If you’re a pacifist, you probably feel that all battles and wars are stupid, but you have to admit that some are more idiotic than others. I felt that way about the Iran-Iraq War during the 1980s; more than a million men were killed during an eight-year period, over the issue of whether the Iran-Iraq border ran in the middle of the Shatt al-Arab, or on that river’s eastern shore (a difference of a hundred yards). Other absurd conflicts include the War of Jenkins’ Ear, started when Spain captured a British ship, cut off the captain’s ear, and threatened to do the same to King George; the Pemmican War, in which two fur trading companies in Canada fought over the Native American equivalent of beef jerky; and the Pig War, an incident where an American farmer shot a pig belonging to a British farmer, and the US and UK almost went to war over the issue. Well, on Thursday I read about a battle that must top the rest. It happened during the second war between Russia and the Ottoman Empire (1787-92), during which some Austrian soldiers got drunk and massacred each other, making everything a lot easier for their opponents (the Turks).
There is some question over whether the battle of Karánsebes really happened as described, because the oldest account we have of the battle was written in 1837, forty-nine years afterwards. Still, like many ancient myths, it’s too good a story to ignore, so I feel it deserves at least a footnote, in Chapter 13 of my Middle Eastern history series. Here is how it will read:
If there was anything in the war that the Turks could be happy about, it was Austria’s performance. Especially with the battle of Karánsebes, the worst “friendly fire” incident of all time. Romania was the only place where both the Russians and Austrians could engage the Turks, and in September 1788 the Austrian army set up camp around the Romanian town of Karánsebes. Some scouts rode ahead on horseback to see if there were Turks in the neighborhood; they didn’t find any, but they found some Gypsies with a load of schnapps, bought the schnapps from them, and eagerly started drinking it. Soon after that, some infantrymen marched to the same spot. When they saw the scouts having a good old drinking party, they demanded some of the booze. The drunken scouts refused, and then they set up makeshift fortifications around the schnapps barrels, as if this was a silly wargame. The scouts and infantry started arguing, until one soldier fired a shot, starting a battle between the two units.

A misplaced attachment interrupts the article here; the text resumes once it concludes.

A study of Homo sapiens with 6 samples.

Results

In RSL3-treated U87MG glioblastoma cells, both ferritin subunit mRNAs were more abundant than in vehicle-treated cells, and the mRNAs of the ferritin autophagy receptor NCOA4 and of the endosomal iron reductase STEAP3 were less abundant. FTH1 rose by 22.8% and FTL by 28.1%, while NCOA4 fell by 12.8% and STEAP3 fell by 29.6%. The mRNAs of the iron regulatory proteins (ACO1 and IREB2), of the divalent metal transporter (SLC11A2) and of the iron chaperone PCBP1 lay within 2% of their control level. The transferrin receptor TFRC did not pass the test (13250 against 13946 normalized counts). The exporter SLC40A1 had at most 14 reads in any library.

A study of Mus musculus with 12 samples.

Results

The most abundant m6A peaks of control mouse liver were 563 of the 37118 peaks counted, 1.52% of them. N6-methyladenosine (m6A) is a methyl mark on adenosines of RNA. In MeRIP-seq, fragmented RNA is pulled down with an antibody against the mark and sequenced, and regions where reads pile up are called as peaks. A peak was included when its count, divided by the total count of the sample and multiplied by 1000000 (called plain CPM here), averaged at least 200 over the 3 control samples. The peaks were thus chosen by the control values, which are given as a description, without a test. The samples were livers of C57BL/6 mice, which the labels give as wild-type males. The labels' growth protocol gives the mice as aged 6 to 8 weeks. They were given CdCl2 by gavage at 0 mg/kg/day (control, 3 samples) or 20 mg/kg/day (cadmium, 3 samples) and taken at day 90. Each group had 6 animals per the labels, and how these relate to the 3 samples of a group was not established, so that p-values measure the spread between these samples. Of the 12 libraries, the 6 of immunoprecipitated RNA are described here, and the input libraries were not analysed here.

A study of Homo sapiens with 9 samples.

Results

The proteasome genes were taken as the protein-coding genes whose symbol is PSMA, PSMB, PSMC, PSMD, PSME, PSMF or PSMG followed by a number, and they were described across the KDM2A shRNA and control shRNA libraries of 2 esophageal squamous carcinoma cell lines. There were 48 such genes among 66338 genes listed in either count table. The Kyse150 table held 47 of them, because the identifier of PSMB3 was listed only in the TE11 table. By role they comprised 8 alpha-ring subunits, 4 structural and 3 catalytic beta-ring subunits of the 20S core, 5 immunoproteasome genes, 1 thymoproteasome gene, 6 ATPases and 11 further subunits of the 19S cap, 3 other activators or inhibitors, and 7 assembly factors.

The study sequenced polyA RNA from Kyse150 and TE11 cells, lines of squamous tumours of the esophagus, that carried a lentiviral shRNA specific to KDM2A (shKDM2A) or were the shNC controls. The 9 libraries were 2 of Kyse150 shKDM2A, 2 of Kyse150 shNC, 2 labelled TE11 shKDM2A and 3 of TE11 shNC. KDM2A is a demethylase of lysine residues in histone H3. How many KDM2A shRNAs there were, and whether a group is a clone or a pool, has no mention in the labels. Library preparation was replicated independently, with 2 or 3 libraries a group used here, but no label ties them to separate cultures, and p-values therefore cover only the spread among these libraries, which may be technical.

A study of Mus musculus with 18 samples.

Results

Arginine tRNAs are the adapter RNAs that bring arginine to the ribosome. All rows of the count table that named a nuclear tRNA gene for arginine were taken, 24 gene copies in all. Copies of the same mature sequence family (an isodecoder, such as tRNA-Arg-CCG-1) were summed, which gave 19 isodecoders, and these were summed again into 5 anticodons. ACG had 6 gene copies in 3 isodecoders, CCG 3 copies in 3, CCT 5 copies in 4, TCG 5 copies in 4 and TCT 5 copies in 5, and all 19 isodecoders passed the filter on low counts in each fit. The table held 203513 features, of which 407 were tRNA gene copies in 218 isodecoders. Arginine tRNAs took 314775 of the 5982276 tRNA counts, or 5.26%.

If you thought that was stupid, it gets worse. Some of the infantry began shouting “Turks! Turks!”, as if the Turks, and not the scouts, were shooting at them. Thinking the Turks were behind them, the scouts broke and ran, and so did the infantry, seeing the fleeing scouts as proof that the Turks were really approaching. Some Austrian officers among the infantry tried to restore order by shouting “Halt! Halt!” However, the Austrian army was made up not only of German-speaking Austrians but also Hungarians, Italians, and an assortment of Slavs. Those soldiers who did not speak German thought the officers were shouting “Allah! Allah!”, which only made them run harder.
When the first scouts reached the main camp, a corps commander got the idea that the men coming at him must be part of a Turkish cavalry charge, and ordered artillery fire on them. Now the rest of the army woke up, and when they saw they were in the middle of a battle, they fled in every direction. The troops fired at anything they thought might be the Turks; usually it was other Austrian soldiers. Soon the whole army was retreating from an army that wasn’t there; probably the funniest incident was when the Austrian leader, Holy Roman Emperor Joseph II, got pushed off his horse into a stream.
Two days later the real Ottoman army arrived at Karánsebes, and it found 10,000 dead and wounded Austrian soldiers. The Turks probably thought it was great that they didn’t have to kill anybody–the Austrians had done it for them!–and then they seized the town. And that wasn’t all; in 1789 the Austrians stopped a Turkish advance in Serbia and captured Belgrade, only to give Belgrade back when the war ended two years later.